Mark Sismey-Durrant

An interview with Mark Sismey-Durrant: Poor lending practices to gain short-term market share do the wider industry 'no favours at all'

In an interview with Bridging & Commercial, Mark Sismey-Durrant, non-executive chairman at Oblix Capital (pictured above), discusses how the specialist finance industry has changed, the expansion of lending outside of London and why understanding risk appetite is key.

How has the specialist lending sector developed over the years and what’s been the most significant change compared with 10 or 20 years ago? 

The specialist lending market has seen some major structural changes over recent years. Many of the same people operate in the industry, but they now work for other organisations. For lenders in this market the persistent low level of interest rates (supported by quantitative easing) has made conditions good for borrowers, but it is highly competitive for lenders. Crucially, the market has developed innovative ways to keep evolving and growing. We have not had a recession since the 2008 crisis — that has meant credit conditions have generally been benign. Funding models have shifted away from structured finance through securitisation and towards retail deposits. Now with Brexit moving forward, I expect to see some good opportunities developing in the market.

Oblix Capital has some ambitious growth plans. What do you intend to bring to the table that will further enhance these plans?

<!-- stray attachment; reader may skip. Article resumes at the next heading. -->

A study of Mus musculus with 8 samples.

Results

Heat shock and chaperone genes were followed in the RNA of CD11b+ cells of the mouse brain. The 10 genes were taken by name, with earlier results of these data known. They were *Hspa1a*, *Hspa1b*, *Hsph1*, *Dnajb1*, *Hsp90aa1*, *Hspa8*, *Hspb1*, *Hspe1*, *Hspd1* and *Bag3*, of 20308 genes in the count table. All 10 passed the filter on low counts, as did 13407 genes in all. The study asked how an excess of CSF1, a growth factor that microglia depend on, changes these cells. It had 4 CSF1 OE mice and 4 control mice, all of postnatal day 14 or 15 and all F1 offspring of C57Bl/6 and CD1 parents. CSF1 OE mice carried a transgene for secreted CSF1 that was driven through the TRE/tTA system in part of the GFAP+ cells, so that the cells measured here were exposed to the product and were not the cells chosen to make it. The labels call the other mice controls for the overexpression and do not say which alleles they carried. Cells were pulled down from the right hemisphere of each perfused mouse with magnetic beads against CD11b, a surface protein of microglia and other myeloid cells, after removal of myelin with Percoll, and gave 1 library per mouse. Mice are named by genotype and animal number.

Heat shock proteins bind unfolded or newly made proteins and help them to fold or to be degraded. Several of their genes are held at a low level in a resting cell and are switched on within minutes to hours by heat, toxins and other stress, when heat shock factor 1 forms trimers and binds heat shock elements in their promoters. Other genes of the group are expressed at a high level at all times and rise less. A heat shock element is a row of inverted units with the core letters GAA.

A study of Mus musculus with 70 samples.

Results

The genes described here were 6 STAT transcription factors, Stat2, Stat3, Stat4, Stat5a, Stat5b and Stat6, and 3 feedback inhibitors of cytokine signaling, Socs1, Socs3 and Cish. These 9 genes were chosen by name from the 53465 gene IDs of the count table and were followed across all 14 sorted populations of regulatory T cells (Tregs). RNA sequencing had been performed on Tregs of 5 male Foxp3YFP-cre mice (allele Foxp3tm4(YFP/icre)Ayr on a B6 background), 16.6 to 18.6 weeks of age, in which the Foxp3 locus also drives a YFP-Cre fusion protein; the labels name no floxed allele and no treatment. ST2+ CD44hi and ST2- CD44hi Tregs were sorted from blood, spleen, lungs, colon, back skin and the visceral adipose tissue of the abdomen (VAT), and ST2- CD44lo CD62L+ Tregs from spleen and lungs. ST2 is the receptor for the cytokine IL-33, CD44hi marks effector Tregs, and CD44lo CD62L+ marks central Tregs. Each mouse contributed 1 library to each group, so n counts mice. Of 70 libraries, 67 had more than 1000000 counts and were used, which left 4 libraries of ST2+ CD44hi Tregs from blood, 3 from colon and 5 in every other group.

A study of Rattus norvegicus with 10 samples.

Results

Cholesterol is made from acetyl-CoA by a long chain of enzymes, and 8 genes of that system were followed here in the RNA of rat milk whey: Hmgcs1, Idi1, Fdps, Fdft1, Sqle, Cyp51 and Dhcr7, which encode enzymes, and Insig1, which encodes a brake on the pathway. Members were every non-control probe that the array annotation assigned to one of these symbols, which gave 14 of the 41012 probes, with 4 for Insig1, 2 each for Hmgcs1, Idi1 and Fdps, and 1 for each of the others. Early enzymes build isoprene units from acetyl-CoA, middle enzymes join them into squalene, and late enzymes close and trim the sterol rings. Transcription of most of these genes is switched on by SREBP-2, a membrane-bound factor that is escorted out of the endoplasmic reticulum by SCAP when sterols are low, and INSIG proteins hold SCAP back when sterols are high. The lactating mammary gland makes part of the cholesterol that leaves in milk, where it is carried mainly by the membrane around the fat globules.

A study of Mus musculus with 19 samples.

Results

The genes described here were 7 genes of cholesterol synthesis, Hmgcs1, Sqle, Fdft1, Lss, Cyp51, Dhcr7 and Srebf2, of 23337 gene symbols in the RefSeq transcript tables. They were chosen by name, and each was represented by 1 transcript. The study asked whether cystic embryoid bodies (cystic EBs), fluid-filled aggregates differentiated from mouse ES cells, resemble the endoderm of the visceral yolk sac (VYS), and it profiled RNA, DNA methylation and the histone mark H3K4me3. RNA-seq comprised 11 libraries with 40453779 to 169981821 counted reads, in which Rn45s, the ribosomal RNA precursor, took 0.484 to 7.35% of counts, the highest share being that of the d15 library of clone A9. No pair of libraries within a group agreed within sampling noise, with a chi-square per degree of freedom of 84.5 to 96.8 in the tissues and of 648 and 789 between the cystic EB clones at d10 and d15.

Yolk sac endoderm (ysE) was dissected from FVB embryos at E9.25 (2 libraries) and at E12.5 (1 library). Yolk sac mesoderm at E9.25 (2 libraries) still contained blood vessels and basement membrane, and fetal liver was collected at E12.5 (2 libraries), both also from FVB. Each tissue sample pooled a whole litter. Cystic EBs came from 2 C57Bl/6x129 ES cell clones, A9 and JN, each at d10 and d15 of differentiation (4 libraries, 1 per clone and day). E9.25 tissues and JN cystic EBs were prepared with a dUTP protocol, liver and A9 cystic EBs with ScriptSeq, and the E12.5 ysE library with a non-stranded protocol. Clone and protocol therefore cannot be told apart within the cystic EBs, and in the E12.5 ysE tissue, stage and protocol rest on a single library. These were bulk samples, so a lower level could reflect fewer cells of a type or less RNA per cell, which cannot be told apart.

One of the things that attracted me to Oblix was the broad combination of expertise and experience it already has in its team, and its ambitious growth plans. I hope that by bringing additional insights from other parts of the finance industry, I’ll be able to help it to maximise the potential of the whole Oblix team, and this should open additional routes to success.

Do you feel enough specialist lenders have a big enough focus on other areas of the UK outside of London? 

It’s true that at the beginning of the last decade, some lenders had a distinct focus on London, but most reputable lenders now provide national rather than London-focused coverage, which means there is now good representation and competition nationwide. The UK offers a diverse and significant market in the regions and we are keen to be part of these markets.

What specific criteria should a specialist lender never disregard when arranging a deal? 

The key criteria are a full assessment of the risks involved in each deal, and a risk appetite that is understood by all involved in making that deal work. Poor lending practices to gain short-term market share do the borrower, lender and the wider industry no favours at all.

How did you get into the industry? 

I have been in the banking industry throughout my career and, while CEO at Sun Bank, we developed the concept of complex prime lending on mortgages and entered the buy-to-let market while it was in its infancy. These specialist skills were then further developed as CEO at Heritable Bank and Hampshire Trust Bank.

If you didn’t work in finance, what would you be doing? 

I love property — I would have become a property developer. I am a practical person at home and have renovated several houses in my time.



    Mark, it would be interesting for you to outline what poor lending practices you are referring to. The article is not specific in this regard.